On Wednesday 22 February, there was a curious, disbelieving buzz in the studios of the video game developer BioWare in downtown Montreal. That morning, NASA had announced the discovery of seven Earth-sized, potentially life-harboring planets orbiting a dwarf star called Trappist-1, around 40 light years from Earth. Many at BioWare – home to the beloved Mass Effect series of sci-fi role playing games – felt that the timing was a little too good to be true. Some employees suspected NASA was punking them. Others wondered if there was a BioWare-NASA cross-promotional campaign they didn’t know about.
Ten years ago, the first Mass Effect was hailed as the game that “Does For Games What Star Wars Did For Films”. It was that rare blockbuster event in gaming whose impact transcended the medium, a pop culture phenomenon in its own right: James Gunn, the director of the exotic planet-hopping Marvel film Guardians of the Galaxy, has cited the series as among his “biggest inspirations.”
Also a fan: NASA visualization scientist Robert Hurt, one of the Spitzer Space Telescope project artists behind the official illustrations of the Trappist-1 system. “When I first played Mass Effect and I first walked up to the galaxy map, I was actually kind of surprised,” Hurt says. “It actually looked like the Milky Way, based on what we know in astrophysics. And I was really struck by all the thought that went behind the exploration element – they were taking things into account like the age or the temperatures or the sizes of the stars, the distances between planets and stars, planets with liquid, or volatiles, or rich in heavy elements or that were very dry and didn’t have an atmosphere. I actually became one of those players of Mass Effect who reads every single description of every planet in the game, just having fun finding out all the little astronomical tidbits in the background of the universe.”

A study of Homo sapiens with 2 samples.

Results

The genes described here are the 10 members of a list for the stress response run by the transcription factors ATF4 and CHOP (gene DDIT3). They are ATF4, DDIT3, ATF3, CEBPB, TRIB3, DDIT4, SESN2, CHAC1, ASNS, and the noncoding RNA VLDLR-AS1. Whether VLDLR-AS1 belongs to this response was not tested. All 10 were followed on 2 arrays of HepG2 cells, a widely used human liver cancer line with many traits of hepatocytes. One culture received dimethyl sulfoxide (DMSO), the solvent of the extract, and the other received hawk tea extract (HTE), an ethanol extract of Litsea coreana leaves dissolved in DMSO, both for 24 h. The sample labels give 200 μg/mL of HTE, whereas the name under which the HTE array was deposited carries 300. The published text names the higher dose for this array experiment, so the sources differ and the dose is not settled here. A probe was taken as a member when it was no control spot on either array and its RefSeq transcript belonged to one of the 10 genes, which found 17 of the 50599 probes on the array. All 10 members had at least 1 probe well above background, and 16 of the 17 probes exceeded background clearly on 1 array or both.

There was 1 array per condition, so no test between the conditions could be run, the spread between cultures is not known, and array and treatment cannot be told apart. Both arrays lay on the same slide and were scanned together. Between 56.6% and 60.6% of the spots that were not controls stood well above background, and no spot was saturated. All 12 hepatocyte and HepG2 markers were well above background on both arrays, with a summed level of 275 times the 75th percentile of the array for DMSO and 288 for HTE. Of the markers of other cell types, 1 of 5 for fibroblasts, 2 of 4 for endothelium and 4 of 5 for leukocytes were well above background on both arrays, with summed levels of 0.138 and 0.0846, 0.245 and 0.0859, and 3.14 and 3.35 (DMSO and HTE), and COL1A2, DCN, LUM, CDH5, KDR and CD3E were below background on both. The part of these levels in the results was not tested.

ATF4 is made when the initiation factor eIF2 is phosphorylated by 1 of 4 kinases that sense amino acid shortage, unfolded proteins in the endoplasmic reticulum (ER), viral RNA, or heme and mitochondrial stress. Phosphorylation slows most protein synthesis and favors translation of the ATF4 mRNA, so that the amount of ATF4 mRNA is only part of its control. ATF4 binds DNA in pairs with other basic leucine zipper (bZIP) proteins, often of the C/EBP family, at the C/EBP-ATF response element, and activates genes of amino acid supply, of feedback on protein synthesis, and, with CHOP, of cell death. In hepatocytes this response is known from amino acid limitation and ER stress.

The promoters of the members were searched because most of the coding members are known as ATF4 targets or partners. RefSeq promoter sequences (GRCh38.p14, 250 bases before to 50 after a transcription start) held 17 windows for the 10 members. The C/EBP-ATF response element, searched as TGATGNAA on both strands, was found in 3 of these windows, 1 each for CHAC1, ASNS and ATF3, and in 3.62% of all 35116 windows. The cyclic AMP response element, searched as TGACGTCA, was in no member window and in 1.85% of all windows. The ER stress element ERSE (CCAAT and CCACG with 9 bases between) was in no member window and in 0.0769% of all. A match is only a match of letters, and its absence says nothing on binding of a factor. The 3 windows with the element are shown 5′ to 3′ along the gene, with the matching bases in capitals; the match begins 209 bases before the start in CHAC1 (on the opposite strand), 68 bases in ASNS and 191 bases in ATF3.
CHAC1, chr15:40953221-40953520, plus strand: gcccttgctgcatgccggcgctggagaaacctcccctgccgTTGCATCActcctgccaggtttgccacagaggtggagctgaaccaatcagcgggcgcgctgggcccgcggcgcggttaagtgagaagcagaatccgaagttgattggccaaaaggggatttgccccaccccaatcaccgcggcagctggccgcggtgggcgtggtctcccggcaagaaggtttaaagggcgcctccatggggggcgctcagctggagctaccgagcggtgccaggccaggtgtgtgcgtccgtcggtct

Mass Effect takes its science seriously. It’s a rare game that inspires elevated discourse on general relativity versus quantum mechanics while treating gamers to authentic imagery from the Space Shuttle and Hubble Space Telescope. The name Mass Effect itself alludes to one of the foundational ideas of the series – a distortion of spacetime that allows for efficient interstellar travel.
Andromeda well and truly carries on the series’ commitment to scientific credibility: as part of the research process, BioWare initiated meetings with the European Space Agency and crew members of the Mars-500 mission (“Those guys lived the story we’re trying to tell, so they’re a primary source of knowledge,” says producer Fabrice Condominas) and special care was taken to calculate a realistic length of time for the journey to Andromeda. “We can show you the math,” studio director Yanick Roy assures me.